CUSTOMERS are rushing into PNG Waterboard offices in Lae and Mt Hagen to utilise the threemonth amnesty period to get special payment contracts and get legally connected.
This was recently revealed by PNGWB team leaders of integrated market clean-up (IMCU) campaign in both centres who acknowledged the support of consumers and confirmed increases in daily customer numbers because of the threemonth amnesty period.
The purposes of IMCU are to educate the public on the importance of water, the requirement to pay their bills and discourage water theft by not making illegal connections.
The amnesty period started last month and ends at the end of next month.
In November, PNGWB, with police and community assistance, will penalise and charge those still using water illegally or who have not agreed on a special payment agreement.
Lae team leader Pius Palma said: “There are more customers coming in to enquire about the amnesty period and even asking to sign special payment agreements.
“Last month, we collected more than K300,000 compared to previous month.”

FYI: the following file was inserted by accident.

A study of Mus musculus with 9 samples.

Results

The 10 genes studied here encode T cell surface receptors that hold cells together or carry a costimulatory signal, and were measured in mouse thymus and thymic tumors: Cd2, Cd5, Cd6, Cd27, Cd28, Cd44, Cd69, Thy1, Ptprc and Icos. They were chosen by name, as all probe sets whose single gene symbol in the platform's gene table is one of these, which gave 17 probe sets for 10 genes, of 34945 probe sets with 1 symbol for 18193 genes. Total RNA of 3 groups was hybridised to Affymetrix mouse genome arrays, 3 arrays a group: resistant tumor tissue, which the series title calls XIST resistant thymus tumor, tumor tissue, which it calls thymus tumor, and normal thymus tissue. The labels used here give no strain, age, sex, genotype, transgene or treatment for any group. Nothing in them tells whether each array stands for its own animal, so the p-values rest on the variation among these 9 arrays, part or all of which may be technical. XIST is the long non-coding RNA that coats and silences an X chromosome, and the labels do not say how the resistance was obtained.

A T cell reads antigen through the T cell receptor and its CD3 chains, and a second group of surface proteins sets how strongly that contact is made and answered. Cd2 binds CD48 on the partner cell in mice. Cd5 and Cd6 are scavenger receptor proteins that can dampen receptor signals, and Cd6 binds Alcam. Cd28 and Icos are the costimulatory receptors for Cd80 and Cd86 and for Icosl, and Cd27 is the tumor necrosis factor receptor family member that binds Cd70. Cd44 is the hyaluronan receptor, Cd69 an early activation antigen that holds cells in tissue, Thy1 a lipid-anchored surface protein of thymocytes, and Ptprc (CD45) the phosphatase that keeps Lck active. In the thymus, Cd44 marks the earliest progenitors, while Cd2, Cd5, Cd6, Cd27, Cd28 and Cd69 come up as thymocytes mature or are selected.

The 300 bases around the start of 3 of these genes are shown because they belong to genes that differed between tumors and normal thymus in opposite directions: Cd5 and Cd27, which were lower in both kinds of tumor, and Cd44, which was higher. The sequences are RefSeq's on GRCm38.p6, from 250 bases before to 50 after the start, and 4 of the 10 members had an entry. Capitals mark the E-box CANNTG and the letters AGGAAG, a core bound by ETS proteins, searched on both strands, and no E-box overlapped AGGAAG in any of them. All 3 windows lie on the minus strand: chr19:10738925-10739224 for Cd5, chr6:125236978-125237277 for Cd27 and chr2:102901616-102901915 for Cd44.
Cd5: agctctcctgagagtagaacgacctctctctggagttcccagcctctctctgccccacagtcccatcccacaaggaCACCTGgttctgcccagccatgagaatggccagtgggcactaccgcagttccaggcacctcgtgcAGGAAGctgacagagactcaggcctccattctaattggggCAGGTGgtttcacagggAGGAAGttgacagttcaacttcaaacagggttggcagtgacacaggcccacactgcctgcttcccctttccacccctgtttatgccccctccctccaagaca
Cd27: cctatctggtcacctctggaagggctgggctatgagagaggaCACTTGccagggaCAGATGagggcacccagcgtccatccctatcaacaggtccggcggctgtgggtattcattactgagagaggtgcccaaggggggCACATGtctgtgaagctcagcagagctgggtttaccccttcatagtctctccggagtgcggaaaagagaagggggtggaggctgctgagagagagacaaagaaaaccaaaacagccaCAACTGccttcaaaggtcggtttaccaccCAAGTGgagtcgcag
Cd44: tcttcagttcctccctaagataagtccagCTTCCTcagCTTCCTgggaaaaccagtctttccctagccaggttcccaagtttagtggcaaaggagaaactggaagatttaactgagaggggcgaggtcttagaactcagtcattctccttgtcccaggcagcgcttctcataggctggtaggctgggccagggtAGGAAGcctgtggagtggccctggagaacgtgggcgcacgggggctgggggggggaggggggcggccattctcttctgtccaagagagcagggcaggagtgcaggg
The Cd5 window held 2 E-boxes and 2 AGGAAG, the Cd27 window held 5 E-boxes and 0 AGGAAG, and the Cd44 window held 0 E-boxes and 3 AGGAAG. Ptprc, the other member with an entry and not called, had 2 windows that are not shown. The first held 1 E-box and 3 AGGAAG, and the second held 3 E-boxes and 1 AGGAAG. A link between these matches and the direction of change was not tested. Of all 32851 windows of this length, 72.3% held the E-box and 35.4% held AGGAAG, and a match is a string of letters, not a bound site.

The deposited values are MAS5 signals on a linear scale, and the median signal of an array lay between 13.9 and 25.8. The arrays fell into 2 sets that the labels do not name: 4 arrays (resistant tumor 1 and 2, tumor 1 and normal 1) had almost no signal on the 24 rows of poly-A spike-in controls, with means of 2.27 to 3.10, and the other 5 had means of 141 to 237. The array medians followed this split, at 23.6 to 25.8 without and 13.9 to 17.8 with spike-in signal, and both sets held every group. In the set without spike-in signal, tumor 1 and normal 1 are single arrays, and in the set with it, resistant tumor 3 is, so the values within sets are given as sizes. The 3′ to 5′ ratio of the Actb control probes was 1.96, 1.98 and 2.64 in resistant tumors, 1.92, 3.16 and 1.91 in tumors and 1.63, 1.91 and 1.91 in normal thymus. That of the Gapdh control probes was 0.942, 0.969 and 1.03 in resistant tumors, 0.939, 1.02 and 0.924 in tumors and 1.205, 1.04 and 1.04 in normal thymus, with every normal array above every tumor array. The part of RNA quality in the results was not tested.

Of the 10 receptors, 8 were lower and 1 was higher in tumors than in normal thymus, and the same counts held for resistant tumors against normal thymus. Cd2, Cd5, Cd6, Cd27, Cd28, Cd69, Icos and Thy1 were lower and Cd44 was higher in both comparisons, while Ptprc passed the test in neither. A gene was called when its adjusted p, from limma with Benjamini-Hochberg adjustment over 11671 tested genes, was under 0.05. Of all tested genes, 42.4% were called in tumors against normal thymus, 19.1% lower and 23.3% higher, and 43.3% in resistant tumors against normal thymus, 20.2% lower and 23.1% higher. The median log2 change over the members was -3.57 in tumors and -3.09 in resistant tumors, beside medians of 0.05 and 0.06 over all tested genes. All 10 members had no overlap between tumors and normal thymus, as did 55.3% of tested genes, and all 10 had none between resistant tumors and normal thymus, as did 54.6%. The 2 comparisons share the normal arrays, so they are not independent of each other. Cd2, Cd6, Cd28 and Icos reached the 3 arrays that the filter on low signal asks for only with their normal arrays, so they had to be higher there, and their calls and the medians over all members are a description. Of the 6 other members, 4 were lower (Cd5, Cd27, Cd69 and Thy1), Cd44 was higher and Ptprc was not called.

The Lae team has so far covered seven zones (i.e. zones: 1, 3, 4, 5, 14, 15 and 28). Due to bad weather, zone 28, which covers the Tent City and Bumayong areas, was delayed by two days and took five instead of the planned three days.
It has now moved to the miles areas.
Last week, interactive plays were staged at Town and Eriku to spread the awareness message and encourage people to come into the PNGWB office before the end of amnesty.
Physical inspections conducted on each property resulted in a total of 51 illegal connections being identified and plugged off on the spot in zone 28 and 10 in zones four and five covering Lae Technical College, the Eriku commercial area and part of Cassowary Road.
Project manager Leo Kre revealed that a total of 5,000 letters would be going out to companies this week, giving them a 14-day notice for payment of arrears over 90 days.
Failure to pay up these bills will see the PNGWB engage police or undertake legal proceedings to recoup the arrears.
The PNGWB is revamping its service and aims to improve service to meet rising demand in the country but, it needs money to do this.
Thus, it is undertaking the IMCU to recoup money that can be used to upgrade the system and improve the provision of safe and quality water and sanitation services to Papua New Guineans’.
Meanwhile, PNGWB appealed to residents of Lae city to be conscious of their hygiene and to ensure they wash their hands after using the toilet and before eating.
Assuring that its water is produced to the highest quality meeting World Health Organisation standard and that of the National Health Department, PNGWB also appealed to people to ensure containers they used to fill water is clean.